Apple Inc. v. Qualcomm Inc. (antitrust)
Analysis Group was retained on behalf of Qualcomm in an antitrust dispute with Apple in the US District Court for the Southern District of California. Apple accused Qualcomm of abusing its dominant position in modem chip and technology markets to force Apple to accept elevated, “supra-FRAND” royalty rates for the use of its technology. According to Apple, the alleged conduct harmed competition in the modem chip industry and caused injuries to Apple and, ultimately, to consumers of smartphones and other mobile devices. Apple sought monetary damages, a declaration that certain of its contracts with Qualcomm would not be enforced, enjoinment of certain Qualcomm licensing practices, and other remedies. Apple also alleged that Qualcomm unfairly set licensing royalty rates as a percentage of the end product price, and forced Apple to use Qualcomm chips exclusively. (The Federal Trade Commission made similar allegations against Qualcomm in a related lawsuit.)
An Analysis Group team led by Managing Principals T. Christopher Borek and Adam Decter, Principal Mark Lewis, Vice Presidents John Browning, Peter Finch, Anna Gumen, Shogo Hamasaki, and Ivan Maryanchyk, and Consultant Jeremy Smith, supported four academic experts, all of whom filed expert reports and testified at deposition.
- Professor Oliver Hart analyzed the economics of the terms of the license agreements governing Apple’s use of Qualcomm’s technologies. He also opined on the economic benefits of enforcing long-term contracts.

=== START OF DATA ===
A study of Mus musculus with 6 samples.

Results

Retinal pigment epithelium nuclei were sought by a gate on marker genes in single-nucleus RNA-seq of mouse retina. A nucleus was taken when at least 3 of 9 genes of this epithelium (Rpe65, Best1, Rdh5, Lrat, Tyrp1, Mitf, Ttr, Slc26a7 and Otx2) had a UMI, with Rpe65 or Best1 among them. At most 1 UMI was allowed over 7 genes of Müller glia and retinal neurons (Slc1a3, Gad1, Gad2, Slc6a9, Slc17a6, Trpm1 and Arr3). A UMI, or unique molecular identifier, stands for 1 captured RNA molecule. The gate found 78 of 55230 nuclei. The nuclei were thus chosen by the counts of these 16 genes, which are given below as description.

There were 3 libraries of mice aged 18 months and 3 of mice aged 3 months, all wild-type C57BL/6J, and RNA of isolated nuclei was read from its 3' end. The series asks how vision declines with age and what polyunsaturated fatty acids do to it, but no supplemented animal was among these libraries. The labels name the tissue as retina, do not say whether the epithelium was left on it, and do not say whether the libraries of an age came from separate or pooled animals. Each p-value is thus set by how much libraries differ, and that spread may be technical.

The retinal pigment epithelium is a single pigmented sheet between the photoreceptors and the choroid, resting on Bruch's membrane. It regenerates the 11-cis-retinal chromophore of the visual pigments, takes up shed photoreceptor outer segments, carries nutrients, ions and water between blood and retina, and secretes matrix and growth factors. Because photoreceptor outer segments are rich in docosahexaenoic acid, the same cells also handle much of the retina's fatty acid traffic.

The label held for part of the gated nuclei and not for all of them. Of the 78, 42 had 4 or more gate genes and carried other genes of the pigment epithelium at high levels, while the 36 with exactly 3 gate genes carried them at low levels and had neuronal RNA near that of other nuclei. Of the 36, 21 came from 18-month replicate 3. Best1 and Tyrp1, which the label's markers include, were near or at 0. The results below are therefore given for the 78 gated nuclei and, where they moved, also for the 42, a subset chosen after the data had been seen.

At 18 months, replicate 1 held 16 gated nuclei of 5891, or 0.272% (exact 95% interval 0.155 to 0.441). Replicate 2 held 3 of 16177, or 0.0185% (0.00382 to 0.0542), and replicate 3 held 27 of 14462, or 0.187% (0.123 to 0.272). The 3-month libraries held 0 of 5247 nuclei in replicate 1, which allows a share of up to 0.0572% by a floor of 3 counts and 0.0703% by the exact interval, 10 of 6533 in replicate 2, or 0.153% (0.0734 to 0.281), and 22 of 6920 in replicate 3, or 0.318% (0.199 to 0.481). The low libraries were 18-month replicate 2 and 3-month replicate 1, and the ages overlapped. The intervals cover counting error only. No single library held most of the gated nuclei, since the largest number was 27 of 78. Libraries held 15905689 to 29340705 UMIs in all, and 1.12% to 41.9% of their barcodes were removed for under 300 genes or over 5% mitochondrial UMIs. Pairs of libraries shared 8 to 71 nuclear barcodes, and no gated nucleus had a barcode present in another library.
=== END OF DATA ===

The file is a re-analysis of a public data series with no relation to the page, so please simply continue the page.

- Professor Christopher Knittel analyzed the price premiums associated with the inclusion of mobile wireless connectivity in Apple mobile devices.
- Professor Jeffrey Prince used econometric techniques and conducted conjoint surveys to analyze the values of improved camera quality, better battery life, and other Apple smartphone features enhanced by Qualcomm-patented technologies.
- Professor Edward Snyder used an industrial organization framework to analyze factors relevant to success in the modem chip industry.
The matter was settled after the first day of trial. In November 2020, Global Competition Review announced the case had received its annual award for “litigation of the year - non-cartel defence,” which recognizes “creative, strategic and innovative litigation on behalf of a defendant in a non-cartel private action.”